Penthouse Retrospective

by Team Penthouse Originally Published: April, 1981

Russell Means | 40 Years Ago This Month

The United States government, for 200 years, acknowledged the Indian nations as sovereign. They made more than 300 treaties with us but then broke everyone. The most important, to me, was the 1868 treaty affecting South Dakota. It just sticks in my gut. Everything we wanted was in that treaty. It reserved western South Dakota for our land. It created a buffer zone where no non-Lakota could trespass. The U.S. agreed to enforce that with their military. But gold was discovered in the Black Hills, and the treaty was broken. Then the white man swarmed in.

The government has now offered the Indians a $106 million settlement for the Black Hills. The offer is considered an insult to the Indian people. Why?

Means: Because we’re getting $17.5 million for the Black Hills. The rest of it is 100 years’ interest. Seventeen and a half million! They spend more than that on an aircraft! Millions more. Think of the gold bullion they have already stolen from those hills. But most important, the agreement would confirm the right for the U.S. to unilaterally violate all treaties and therefore the Constitution of the United States!

You are one of the council of ten who run the Black Hills Alliance, a group dedicated to keeping the multinationals away from your land. What does your group want to do with the land?

Means: Well, the Black Hills Alliance is a coalition of Indians and non-Indians in Western South Dakota. It’s a coalition of sorts between white ranchers and Indians. In other words, the cowboys and the Indians are getting it together so that we can fight the rape of the Black Hills! How do you like that? We want to stop the genocidal march of industrial society.

We are deeply into alternative energy and renewable resources. We are definitely into self-sufficiency. We are rebuilding the Dakota nation.

What renewable resources are you referring to?

Means: The Northern Plains are rich in wind and solar energy potential. We are building underground or earth-covered homes. The architecture is solid wood. We can build a two- , three-bedroom house for $1,500, guaranteed to last for a minimum of 70 years before you start replacing the wood. Underground homes save 60 percent on conventional energy costs. Solar and wind energy will make up the rest. In fact, we should be able to generate, just from the sun and the wind, enough energy to sell some back to the utilities.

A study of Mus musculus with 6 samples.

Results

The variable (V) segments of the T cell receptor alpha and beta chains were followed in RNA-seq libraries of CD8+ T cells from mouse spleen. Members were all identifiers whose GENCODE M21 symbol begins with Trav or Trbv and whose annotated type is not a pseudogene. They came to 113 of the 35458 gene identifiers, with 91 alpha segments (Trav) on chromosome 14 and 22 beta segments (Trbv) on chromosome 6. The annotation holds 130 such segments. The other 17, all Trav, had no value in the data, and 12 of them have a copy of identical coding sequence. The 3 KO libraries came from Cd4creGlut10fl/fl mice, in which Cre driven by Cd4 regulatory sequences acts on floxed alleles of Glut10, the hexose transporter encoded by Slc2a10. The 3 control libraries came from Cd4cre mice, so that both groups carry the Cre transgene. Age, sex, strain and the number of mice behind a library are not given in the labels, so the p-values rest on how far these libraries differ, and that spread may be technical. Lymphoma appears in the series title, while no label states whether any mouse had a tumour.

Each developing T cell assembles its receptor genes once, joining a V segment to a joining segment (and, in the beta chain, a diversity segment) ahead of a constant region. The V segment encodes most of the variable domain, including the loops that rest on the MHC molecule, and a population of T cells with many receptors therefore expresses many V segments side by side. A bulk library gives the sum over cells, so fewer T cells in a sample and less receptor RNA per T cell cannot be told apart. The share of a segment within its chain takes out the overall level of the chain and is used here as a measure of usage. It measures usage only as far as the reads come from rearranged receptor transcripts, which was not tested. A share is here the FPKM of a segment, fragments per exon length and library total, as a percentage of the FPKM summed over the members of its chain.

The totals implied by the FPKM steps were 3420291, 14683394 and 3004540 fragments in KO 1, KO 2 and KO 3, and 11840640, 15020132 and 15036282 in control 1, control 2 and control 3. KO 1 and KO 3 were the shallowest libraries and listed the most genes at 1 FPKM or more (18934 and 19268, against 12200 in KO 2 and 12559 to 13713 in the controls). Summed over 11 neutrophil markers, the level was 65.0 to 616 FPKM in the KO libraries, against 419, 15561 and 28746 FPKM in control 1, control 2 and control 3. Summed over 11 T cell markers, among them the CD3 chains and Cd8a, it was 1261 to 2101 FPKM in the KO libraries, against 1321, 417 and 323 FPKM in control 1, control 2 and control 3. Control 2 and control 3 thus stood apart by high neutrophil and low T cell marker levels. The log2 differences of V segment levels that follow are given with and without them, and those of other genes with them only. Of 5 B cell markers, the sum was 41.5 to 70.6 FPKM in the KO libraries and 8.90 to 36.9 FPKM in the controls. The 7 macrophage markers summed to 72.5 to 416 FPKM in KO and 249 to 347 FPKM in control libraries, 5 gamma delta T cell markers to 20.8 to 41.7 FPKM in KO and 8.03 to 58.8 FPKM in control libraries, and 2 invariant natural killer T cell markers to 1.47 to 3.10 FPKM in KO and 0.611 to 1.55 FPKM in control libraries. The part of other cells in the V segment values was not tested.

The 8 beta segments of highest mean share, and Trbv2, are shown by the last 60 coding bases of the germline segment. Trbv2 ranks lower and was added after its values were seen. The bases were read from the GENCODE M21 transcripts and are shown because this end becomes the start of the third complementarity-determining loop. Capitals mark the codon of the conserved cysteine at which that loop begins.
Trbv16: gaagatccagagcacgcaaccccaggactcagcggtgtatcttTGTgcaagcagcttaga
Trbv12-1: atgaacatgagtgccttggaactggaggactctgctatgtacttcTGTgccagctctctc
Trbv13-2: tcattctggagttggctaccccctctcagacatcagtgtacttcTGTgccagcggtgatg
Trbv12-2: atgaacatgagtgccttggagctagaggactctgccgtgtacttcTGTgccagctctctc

We are going to build a community separate from the rest of the reservation. A self-sufficient community, the first self-sufficient, sober, and straight Indian community in the Northern Plains.

We are doing all of this because we recognize that the colonial power of the U.S. has forced people of color, and all poor people, to live in a crisis situation. Every day is a crisis of existence. When that is the case, you don’t have time to look back to yesterday and learn or to look toward tomorrow to plan. You are living in constant tension.

What are you doing with your own land?

Means: My brothers and I inherited 190 acres. It’s in what they call a range unit, which includes anywhere from four to seven sections. We own a quarter of a section, held in trust by the federal government. We can’t do anything with that land without the express consent of the secretary of the interior. We can’t sell it, rent it, lease it, till it, work it, without his consent. And if we leased it, we could be shot as trespassers on our own land. Now, our little quarter of a section is not leased to the BIA because of our involvement with AIM. Nevertheless, because it’s in a range unit that a white rancher is leasing, he grazes on it.

Are you getting paid?

Means: No. The rancher pays no one. He’s just got it free. This is our punishment for joining AIM. In 1969, when we joined, it was taken out of lease.

Since the federal government is the trustee for our land, it sees to it that nobody screws the Indians except friends of the BIA. Government programs do not benefit the Indians except in the initial phase. They grant monies to these Vichy Indians, who have relatively astronomical salaries and who administer to a destitute people. They must keep us dependent or they would have no more jobs. They cannot permit economic development on the reservation, because we would become independent of Uncle Sam’s handouts.

In the state of South Dakota, we represent less than six percent of the population; and yet, because of the federal monies that come to South Dakota for Indians, we represent 25 percent of the tax base. But these millions of dollars that come onto the reservations immediately go out again into the surrounding white communities. Every economist will tell you that a dollar, to make a community economically viable, must turn over four to seven times before it leaves the community. On the reservation, it doesn’t turn over once! It leaves on the first bounce, because there is no business sector in which it can circulate.

Ask anyone about indigenous Americans, and you may well get nothing but blank stares. Russell Means set out to change all of that. Forty years later, the battle continues.